The Long and Short of Treasury Bond Yields
“Prices are liars,” says Passport Capital’s investing ace, John Burbank.
But even liars sometimes tell the truth. Trying to discriminate between the liars and the truth-tellers is every investor’s most essential – and most difficult – task. Some bull markets are the real deal; others are simply bear markets that would fail a polygraph test.
Consider some of the bull markets of the moment… Stocks, gold, bonds, grains, oil, Chinese real estate and Sarah Palin’s popularity have all been in rally mode for months, if not years.
Which ones are lying? Your California editor has no definitive answers, but he has a few heartfelt guesses…
The truth-tellers: gold, grains and oil. The little-white-liars: stocks and Sarah Palin’s popularity. The pathological liars: Chinese real estate and bonds.
Jim Chanos, the insightful short-seller who has amassed a fortune by identifying – and betting against – fatally flawed companies like Enron and Tyco, considers the Chinese real estate market to be a disaster in the making. “It is Dubai times 1,000…or worse,” says Chanos. “Bubbles are best identified by credit excesses, not valuation excesses. And there’s no bigger credit excess than in China.”
By extension, Chanos believes Chinese stocks are better sold than bought. His arguments are persuasive.
But today’s edition of The Daily Reckoning will not address the validity or fallacy of the bull market in Chinese real estate. Instead, your editors will turn their skeptical gaze toward the bull market in bonds – and in particular, the bull market in Treasury bonds.
The US Treasury market has been rallying – more or less – for the last 30 years. Back in 1981, when then-Federal Reserve Chairman, Paul Volcker, was battling to contain hyperinflation, 30-year bond yields topped 15%. Twenty-seven years later, during the crisis of 2008, the 30-year yield plummeted to an all-time low of 2.55%. Over this identical timeframe, one-year T-bill yields plummeted from a high of 14.93% to a low of 0.19%. That is a bull market!
But a fascinating – and perhaps telling – divergence has developed between the 30-year yield and short-term Treasury yields: the 30-year yield is climbing, short-term yields are not…at least not very much. As a result the yield curve – i.e. the spread between long- and short-term rates – has reached its steepest level in three decades.
To express this divergence a little differently, the 30-year yield hit its all-time low two years ago, and has soared from 2.55% to 4.17%. The one-year yield hits its all-time low two weeks ago, and has barely budged since then.
According to dusty, old economics textbooks, a rapidly steepening yield curve portends resurgent inflation. But according to the esteemed academic, Ben Bernanke, a steepening yield curve is a sign that his battle against deflation is “succeeding.” We trust the textbooks more than the academic…especially because the academic insists on fighting an enemy that he, alone, can see.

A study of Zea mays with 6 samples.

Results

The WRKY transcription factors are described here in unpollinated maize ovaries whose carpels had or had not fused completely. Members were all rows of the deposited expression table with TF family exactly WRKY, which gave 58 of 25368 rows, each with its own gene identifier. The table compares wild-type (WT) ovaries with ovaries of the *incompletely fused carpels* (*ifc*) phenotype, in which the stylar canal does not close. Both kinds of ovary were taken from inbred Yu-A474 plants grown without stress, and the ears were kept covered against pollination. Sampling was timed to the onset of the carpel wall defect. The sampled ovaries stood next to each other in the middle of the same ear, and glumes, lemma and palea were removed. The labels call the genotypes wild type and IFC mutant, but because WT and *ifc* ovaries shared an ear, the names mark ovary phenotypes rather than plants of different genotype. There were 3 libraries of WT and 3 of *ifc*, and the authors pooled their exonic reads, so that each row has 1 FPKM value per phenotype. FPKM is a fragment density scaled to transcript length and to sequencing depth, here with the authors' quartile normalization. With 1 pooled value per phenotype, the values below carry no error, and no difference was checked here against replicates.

Most of the educated world considers the threat of deflation to be as real as the threat of fire-breathing dragons. Nevertheless, Ben Bernanke, our well-intentioned knight, draws his shimmering QE2 from its sheath and strides into the T-bond market to vanquish his mythological enemy.
Ben’s quest will certainly “succeed,” but he will probably lop off the head of the bond market in the process.
Remember, prices are liars. And in the Treasury bond market, the short end of the curve can lie much more easily than the long end, thanks to Bernanke’s QE2 campaign. Because Bernanke’s bond-buying quest is focusing on the short end of the curve, he is distorting prices. “The Federal Reserve’s plan to buy $600 billion of US government debt will focus about 86 percent of its purchases in notes due in 2.5 years to 10 years,” Bloomberg News relates, “leaving the so-called long bond as the security that most closely reflects expectations for inflation.”
“We live in a time in which market distortions are higher than usual,” our colleague Chris Mayer observes. “This thought really hit me when I saw something that I probably never should have seen: For the first time ever, the rate on 30-year mortgages slipped below that of 30-year Treasury bonds. In effect, the market was saying that an individual looking to borrow against his home is a better credit risk than the US government.”
This “market distortion,” Chris explains, is the direct result of the Fed’s meddling at the short end of the curve.
“The usual spread between 30-year mortgages and the 30-year Treasury bond has been around 1.3 percentage points in recent years,” says Chris. “Therefore, assuming the Fed can’t continue its manipulations forever, it’s a good bet that mortgage rates will rise after QE2 wraps up.”
It’s also a pretty good bet that long-term rates will continue rising as Bernanke’s deflation-fighting escapade “succeeds.”